The need for skill development irrespective of the economic base of countries --developed or developing -- cannot be overemphasised. However, for countries like ours skill is often synonymous with major accomplishments that determine the level of economy. This is because it is a multi-dimensional catalyst that leaves its invaluable effect on society at large in scores of ways.
The recent visit of the Director General of the United Nations Industrial Development Organisation (UNIDO) Mr. Li Yong to Dhaka has been particularly important as he stressed on skill development as a decisive path to make Bangladesh a global manufacturing hub. In this context, he particularly mentioned that as the global manufacturing facilities are gradually moving out of China, there are huge opportunities for countries like Bangladesh. He also emphasised the demographic dividend Bangladesh is currently set to benefit from the significant number of young people in the country. In an exclusive interview with the FE, he said utilising such opportunities would require turning this young population into a highly skilled workforce with adequate training.
Apart from skill development, the UNIDO chief also underscored the need for using state of the art technologies as well as making adequate investment in research and development to enhance the quality of local industrial products. The UNIDO chief also expressed his optimism regarding the huge potential of agro-processing industry in Bangladesh. However, he underlined the need for further value addition and diversification of agro-based products as well as linking of the agriculture sector with local and global value chain.
The issue is believed to be gaining importance on the government's development agenda. The initiative of the government to provide skill development training to 1.5 million people, in phases, is a case in point, and indeed a step in the right direction. Skills are required at home in all conceivable spheres of productivity. Equally important, skills are required for the ex-pat workforce seeking better employment overseas.
The key issue is about developing a national culture for nurturing and developing skills that only can turn humans into human resource. This is because there is, as yet, no known or lately innovated shortcut to skill development. A continuous process, it calls for a persistent and comprehensive planning. Stray efforts in the name of skill development do not pay in the long run. Examples are aplenty of industrial productivity languishing in deficiencies mostly from lack of sufficient skills on the part of the manpower engaged at various tiers.
While deficiencies in skilled human resource at home are made up by large intake of foreigners in various productive sectors, export of unskilled workers abroad is fated to fetch very little in wages and salaries. In both cases, it is the lack of value addition that ultimately costs the country heavily.
It has been found that the country's garment sector alone hires the services of thousands of ex-pat personnel to supervise the day-to-day running of factories. Most of the jobs, as reports say, are not at all high-tech, but require thorough knowledge about machinery and equipment. According to the finance minister the country has to spend about $4 billion a year from its foreign currency reserve for paying overseas employees.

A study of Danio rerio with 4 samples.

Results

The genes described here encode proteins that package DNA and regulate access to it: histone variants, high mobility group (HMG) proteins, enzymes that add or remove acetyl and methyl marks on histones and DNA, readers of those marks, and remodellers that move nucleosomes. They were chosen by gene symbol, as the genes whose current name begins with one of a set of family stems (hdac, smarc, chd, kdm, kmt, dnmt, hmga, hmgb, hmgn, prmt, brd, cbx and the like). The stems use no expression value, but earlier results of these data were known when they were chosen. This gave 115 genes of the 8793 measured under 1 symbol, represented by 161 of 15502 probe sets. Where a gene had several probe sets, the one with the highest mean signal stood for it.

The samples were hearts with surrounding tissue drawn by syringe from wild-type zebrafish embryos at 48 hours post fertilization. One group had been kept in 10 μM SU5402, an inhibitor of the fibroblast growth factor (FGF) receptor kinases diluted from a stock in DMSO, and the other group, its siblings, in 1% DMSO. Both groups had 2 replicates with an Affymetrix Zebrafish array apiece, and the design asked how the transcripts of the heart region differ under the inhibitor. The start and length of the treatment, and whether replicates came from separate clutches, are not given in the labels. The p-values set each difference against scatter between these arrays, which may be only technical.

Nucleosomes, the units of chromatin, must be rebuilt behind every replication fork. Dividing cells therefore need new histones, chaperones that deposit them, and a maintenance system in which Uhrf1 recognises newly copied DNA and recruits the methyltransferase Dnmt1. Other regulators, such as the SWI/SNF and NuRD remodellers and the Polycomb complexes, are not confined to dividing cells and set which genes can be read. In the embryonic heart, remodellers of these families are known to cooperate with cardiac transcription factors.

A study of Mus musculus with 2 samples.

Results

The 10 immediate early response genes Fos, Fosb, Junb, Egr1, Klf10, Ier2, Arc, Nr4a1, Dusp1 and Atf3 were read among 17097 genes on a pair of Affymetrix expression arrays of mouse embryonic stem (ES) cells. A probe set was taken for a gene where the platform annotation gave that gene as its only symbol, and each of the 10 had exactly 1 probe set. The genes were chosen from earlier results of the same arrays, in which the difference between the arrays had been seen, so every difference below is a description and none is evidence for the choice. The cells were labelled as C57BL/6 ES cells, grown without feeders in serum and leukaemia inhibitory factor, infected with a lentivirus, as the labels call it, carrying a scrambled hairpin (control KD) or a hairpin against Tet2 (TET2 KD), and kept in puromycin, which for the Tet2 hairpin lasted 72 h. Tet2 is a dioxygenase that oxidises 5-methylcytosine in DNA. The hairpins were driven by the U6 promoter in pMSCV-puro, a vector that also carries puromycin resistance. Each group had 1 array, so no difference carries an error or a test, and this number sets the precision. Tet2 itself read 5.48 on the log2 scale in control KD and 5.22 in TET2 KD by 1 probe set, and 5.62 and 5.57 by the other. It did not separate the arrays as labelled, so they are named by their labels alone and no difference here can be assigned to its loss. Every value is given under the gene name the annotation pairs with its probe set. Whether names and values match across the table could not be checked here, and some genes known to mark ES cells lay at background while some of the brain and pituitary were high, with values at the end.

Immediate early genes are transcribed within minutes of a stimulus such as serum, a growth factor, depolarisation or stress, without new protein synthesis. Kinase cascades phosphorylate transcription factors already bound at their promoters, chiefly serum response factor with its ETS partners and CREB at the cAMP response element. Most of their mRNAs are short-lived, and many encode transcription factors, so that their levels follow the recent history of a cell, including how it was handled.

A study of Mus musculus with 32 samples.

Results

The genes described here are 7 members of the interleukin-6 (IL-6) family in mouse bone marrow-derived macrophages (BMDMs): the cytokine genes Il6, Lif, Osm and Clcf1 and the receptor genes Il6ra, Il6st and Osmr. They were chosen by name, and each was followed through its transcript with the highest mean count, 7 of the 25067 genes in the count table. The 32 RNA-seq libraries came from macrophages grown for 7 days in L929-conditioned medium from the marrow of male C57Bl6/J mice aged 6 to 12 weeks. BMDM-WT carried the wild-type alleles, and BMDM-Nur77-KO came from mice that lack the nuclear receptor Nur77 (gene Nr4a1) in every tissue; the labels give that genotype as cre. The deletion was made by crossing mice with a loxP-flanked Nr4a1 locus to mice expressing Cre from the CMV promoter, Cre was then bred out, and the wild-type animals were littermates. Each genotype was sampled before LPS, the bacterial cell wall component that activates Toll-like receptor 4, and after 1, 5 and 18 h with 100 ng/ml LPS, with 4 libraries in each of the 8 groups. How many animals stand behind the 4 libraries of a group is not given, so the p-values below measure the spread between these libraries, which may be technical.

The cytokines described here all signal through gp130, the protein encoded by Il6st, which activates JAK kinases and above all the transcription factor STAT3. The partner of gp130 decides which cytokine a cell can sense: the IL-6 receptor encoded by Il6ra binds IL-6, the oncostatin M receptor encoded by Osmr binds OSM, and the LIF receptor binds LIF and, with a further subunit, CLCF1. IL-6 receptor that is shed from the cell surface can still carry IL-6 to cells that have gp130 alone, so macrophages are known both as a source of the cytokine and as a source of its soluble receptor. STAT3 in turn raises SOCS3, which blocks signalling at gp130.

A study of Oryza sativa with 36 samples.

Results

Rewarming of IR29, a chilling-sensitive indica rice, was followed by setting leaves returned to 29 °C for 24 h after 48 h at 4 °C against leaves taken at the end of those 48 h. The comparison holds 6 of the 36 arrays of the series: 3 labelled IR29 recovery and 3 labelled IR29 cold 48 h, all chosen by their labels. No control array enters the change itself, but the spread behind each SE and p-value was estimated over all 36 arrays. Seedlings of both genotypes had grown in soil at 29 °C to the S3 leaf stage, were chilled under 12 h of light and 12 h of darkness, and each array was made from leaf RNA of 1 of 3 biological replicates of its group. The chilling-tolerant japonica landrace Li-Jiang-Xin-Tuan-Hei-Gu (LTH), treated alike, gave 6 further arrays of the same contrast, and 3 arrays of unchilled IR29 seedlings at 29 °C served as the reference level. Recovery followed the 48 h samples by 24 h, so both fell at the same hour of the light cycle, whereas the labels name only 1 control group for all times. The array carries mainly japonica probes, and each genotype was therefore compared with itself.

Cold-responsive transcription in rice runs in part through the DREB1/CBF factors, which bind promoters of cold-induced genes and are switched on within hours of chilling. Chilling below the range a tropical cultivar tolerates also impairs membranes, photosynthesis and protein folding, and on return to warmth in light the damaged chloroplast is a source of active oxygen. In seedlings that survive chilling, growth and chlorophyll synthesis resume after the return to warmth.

It is in this context that the aforesaid move to train a large workforce in various spheres of skill development deserves attention. The project funded by the Asian Development Bank (ADB) aims at improving productivity through intensive skill development training in both the public and private sector. The Bangladesh Garment Manufacturers and Exporters Association (BGMEA) is partnering the project. Of the 1.5 million people who are to be trained, more than a quarter million are expected to be trained by the end of 2017 in the first phase of the programme and 70 per cent of them would be provided with gainful jobs. Training would be provided by the institutions under both public and private sectors like Department of Technical Education, Bureau of Manpower, Employment and Training, BGMEA, Bangladesh Knitwear Manufacturers and Exporters Association, Palli Karma Sahayak Foundation, Small and Medium Enterprise Foundation and non-government organisations. BGMEA would provide training to 43,000 people in the garment sector at mid and entry levels.
Although there is no arguing that skilled manpower can cater to the needs at home as well as abroad, attention should be focussed on sector-specific needs. While broadly, it is the manufacturing sector that needs the immediate focus, attention has to be paid on selective areas to start with, and should be followed up by technology-backed hands-on learning as a continuous process. The private sector does have a great role to play here to increase the pool of well-skilled workforce.
This can be further reinforced only if skill development is considered integral to government policies. To start with, there has to be a thrust on vocational learning which, unfortunately is down the drains under the weight of undirected (if not misdirected) education system of the country. There is thus a strong need for advocacy programmes to attract more and more youths to institutes where their learning will pay them gainfully in seeking jobs as well as in running independent production units or businesses as the case may be.